Generative AI tools, such as the popular chatbot ChatGPT, are increasingly being deployed in business school admissions, with candidates using them to help compose the written parts of their applications, including their MBA essays.
The stakes are high in MBA admissions, especially for the coveted spots in the top-tier Online MBA programs. Crafting a compelling application is crucial for prospective students. However, experts warn that AI should be used with caution, if at all.
Rebecca Loades, director of MBA programs at ESMT Berlin, which runs an Online MBA, says that using AI tools “is acceptable” if it enables the applicant to present an authentic portrait of themselves.
“From an admissions point of view, ESMT values originality and personal expression in application materials, as we seek to understand the unique experiences, perspectives, and skills that each candidate brings to the table.”
She believes that generative AI can help candidates brainstorm and draft application essays. “It can generate ideas, structure the narrative, refine the language used, and synthesize professional experiences and personal stories into cohesive and compelling essays,” Loades says. “And, irrespective of your English language level, it can improve grammar and tighten essays.”
‘Applicant catfishing’ and authenticity
However, ESMT has noticed that it can hide the prospective student’s voice, resulting in essays that lack authenticity and feel slight “off” when you read them. “This becomes even more apparent when an applicant is interviewed and inconsistencies in vocabulary, tone and ‘voice’ become apparent, [known as] applicant catfishing,” says Loades.
“The interview helps us learn more about each applicant and determine if they really are whom they portray in the application,” she adds.
Other business schools agree that AI tools can be helpful, in terms of equalising access to those without very strong written communication skills.
“They can help provide language and framing and bring the equivalent of professional editing help to everyone, in a sense levelling the playing field with regards to having access to such help,” says Balaji Padmanabhan, a professor at University of Maryland’s Robert H. Smith School of Business, in the US.
“However, it is your responsibility to ensure that the narrative in these essays properly reflects your lived experiences -- and end up conveying what you, as an applicant, feel you want people who read your essays to walk away with.”
Be wary of plagiarism
He warns that applicants to Smith’s Online MBA program should be aware of the potential risks, including plagiarism. “There is evidence that in some cases generative AI tools end up lifting entire sub-sections from previously published content. Doing so without proper acknowledgement in most cases will likely constitute plagiarism,” says Padmanabhan.
“That could happen in your case if these tools are given carte blanche rights to draft essays,” he adds. “Claiming you didn't do it yourself, or that your AI tool did it, will not absolve you of responsibility. Everything you submit will remain on the record.”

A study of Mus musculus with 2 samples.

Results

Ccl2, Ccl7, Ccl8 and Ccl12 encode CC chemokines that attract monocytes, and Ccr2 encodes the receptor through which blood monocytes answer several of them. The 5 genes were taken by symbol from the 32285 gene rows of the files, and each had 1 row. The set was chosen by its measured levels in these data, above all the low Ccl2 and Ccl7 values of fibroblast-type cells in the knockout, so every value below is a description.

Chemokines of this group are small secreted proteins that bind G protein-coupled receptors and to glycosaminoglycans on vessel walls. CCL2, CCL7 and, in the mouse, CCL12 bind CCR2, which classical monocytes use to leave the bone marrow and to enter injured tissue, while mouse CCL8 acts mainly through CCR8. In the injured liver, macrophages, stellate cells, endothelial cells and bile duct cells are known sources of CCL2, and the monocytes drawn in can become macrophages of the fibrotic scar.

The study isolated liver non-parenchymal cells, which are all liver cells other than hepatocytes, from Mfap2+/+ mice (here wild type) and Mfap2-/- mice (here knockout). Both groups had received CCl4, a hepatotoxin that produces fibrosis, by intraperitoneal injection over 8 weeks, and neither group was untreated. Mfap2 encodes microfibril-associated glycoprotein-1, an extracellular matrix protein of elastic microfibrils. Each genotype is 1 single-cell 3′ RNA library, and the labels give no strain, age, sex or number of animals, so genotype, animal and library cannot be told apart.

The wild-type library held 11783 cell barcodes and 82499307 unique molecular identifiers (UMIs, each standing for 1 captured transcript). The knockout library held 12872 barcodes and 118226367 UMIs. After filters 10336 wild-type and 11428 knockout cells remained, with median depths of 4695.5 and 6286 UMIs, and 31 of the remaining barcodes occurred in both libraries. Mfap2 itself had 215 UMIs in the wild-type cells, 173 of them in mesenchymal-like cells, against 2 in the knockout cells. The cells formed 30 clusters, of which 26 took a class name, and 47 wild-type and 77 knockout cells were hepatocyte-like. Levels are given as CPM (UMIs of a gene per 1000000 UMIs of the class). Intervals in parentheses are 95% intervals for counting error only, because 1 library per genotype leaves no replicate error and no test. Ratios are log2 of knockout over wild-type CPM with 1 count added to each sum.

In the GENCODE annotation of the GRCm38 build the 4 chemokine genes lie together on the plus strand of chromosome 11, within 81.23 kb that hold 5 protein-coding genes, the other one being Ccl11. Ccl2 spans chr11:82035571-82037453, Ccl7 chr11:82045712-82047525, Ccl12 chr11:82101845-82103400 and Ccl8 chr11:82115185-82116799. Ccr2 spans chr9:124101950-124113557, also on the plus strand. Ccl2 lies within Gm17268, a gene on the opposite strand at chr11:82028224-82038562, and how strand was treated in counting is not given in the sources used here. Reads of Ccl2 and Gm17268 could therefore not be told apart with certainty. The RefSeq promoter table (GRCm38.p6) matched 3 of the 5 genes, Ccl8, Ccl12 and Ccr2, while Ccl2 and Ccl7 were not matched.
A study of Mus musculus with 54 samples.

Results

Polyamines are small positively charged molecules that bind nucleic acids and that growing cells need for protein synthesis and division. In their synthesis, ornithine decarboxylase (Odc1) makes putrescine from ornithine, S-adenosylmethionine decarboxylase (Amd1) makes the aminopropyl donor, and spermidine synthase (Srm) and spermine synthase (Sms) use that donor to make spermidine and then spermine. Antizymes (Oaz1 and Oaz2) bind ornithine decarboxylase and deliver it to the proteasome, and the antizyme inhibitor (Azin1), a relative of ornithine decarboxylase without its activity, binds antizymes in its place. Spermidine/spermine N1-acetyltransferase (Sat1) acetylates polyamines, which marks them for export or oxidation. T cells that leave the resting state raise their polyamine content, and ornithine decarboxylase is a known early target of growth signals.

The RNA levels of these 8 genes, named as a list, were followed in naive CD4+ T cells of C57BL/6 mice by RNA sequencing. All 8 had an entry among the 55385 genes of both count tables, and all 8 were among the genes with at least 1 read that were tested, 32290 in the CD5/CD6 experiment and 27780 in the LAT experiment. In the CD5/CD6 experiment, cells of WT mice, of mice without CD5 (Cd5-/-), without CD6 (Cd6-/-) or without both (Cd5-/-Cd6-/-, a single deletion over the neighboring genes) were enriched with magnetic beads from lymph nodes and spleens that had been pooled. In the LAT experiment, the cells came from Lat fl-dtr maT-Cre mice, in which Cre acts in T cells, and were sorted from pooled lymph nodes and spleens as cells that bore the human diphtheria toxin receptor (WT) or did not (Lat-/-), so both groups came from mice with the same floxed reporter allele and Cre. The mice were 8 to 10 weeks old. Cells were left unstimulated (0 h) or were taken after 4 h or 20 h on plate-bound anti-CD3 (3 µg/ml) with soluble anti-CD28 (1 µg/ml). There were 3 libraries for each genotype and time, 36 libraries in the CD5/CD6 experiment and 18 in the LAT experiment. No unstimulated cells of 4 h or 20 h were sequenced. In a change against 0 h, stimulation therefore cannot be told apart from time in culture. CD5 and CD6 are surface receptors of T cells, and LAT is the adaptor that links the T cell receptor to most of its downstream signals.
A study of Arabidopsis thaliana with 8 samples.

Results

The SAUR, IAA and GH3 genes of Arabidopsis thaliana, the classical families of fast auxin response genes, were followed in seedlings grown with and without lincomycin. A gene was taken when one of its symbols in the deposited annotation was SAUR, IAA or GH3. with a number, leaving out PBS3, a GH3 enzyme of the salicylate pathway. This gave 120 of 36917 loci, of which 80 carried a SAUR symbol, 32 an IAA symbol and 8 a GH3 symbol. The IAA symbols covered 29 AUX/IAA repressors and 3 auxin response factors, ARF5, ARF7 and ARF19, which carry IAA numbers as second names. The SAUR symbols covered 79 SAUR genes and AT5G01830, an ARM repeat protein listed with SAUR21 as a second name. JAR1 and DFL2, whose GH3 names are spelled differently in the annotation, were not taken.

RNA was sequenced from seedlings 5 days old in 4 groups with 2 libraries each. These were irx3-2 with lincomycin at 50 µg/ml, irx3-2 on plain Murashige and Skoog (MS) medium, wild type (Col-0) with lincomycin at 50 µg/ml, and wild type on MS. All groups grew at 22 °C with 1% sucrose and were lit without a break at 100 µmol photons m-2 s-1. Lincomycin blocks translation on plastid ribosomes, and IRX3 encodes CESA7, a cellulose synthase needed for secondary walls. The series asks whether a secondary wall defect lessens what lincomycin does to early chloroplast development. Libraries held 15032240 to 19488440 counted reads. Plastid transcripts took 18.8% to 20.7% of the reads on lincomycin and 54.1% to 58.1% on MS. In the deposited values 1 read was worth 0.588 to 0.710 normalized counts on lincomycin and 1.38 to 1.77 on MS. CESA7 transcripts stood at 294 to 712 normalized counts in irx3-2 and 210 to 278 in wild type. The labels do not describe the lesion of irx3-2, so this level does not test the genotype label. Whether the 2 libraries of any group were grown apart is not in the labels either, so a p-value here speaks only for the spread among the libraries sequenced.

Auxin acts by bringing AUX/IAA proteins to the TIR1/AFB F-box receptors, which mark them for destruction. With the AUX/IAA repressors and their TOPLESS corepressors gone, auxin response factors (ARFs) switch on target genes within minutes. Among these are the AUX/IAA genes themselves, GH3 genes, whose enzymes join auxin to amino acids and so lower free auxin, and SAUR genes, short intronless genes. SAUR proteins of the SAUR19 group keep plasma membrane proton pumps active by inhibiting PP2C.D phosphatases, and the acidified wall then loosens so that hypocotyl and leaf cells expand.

His advice is use these AI tools not to create application content from scratch, but to develop your content first and then refine, if permitted by the institution you’re applying to. “That is, provide your best starting point and have these tools directionally improve it using prompts such as ‘improve the grammar of this draft’ or ‘improve the formatting of this resume’,” Padmanabhan says.
Furthermore, he calls for disclosure of all AI use in your application. Indeed, ChatGPT has ignited fears among business schools that MBA students will use it to cheat in their essays, prompting calls for clear disclosure policies.
“Admissions committees’ AI policies are still taking shape, but the words plagiarism and fraud feature prominently in most of them. Adcoms want to know how the applicant thinks and writes, not how ChatGPT thinks and writes,” says Alex Collazo at the admissions consulting firm Admissionado.
He “strongly discourages” his clients from using AI in their applications to business schools, warning that it could result in an application being rejected in some cases. “A successful application essay has to stand out from the crowd, but AI is the crowd,” says Collazo. “These tools generate a mish-mashed average of the internet’s writing. By definition, to get into a school with a single digit acceptance rate, average doesn't cut it.”
AI detection software
He adds that money is pouring into AI detection tool development. “The most dangerous thing for someone contemplating this strategy is that the tech is changing rapidly. A person could think detection tools have a low success rate, so they won't get caught, but that percentage could increase dramatically in the months between their submission and when the adcom runs it through their programs.”
While he cautions against using AI, business schools do see some legitimate uses for them, so long as applicants can they strike a balance between leveraging technology and preserving the human touch in their application essays. “We want to learn about you. Use it to brainstorm and as a sparring partner for ideas, but remember to stop at a certain point and let your authentic voice be heard,” concludes Loades, at ESMT.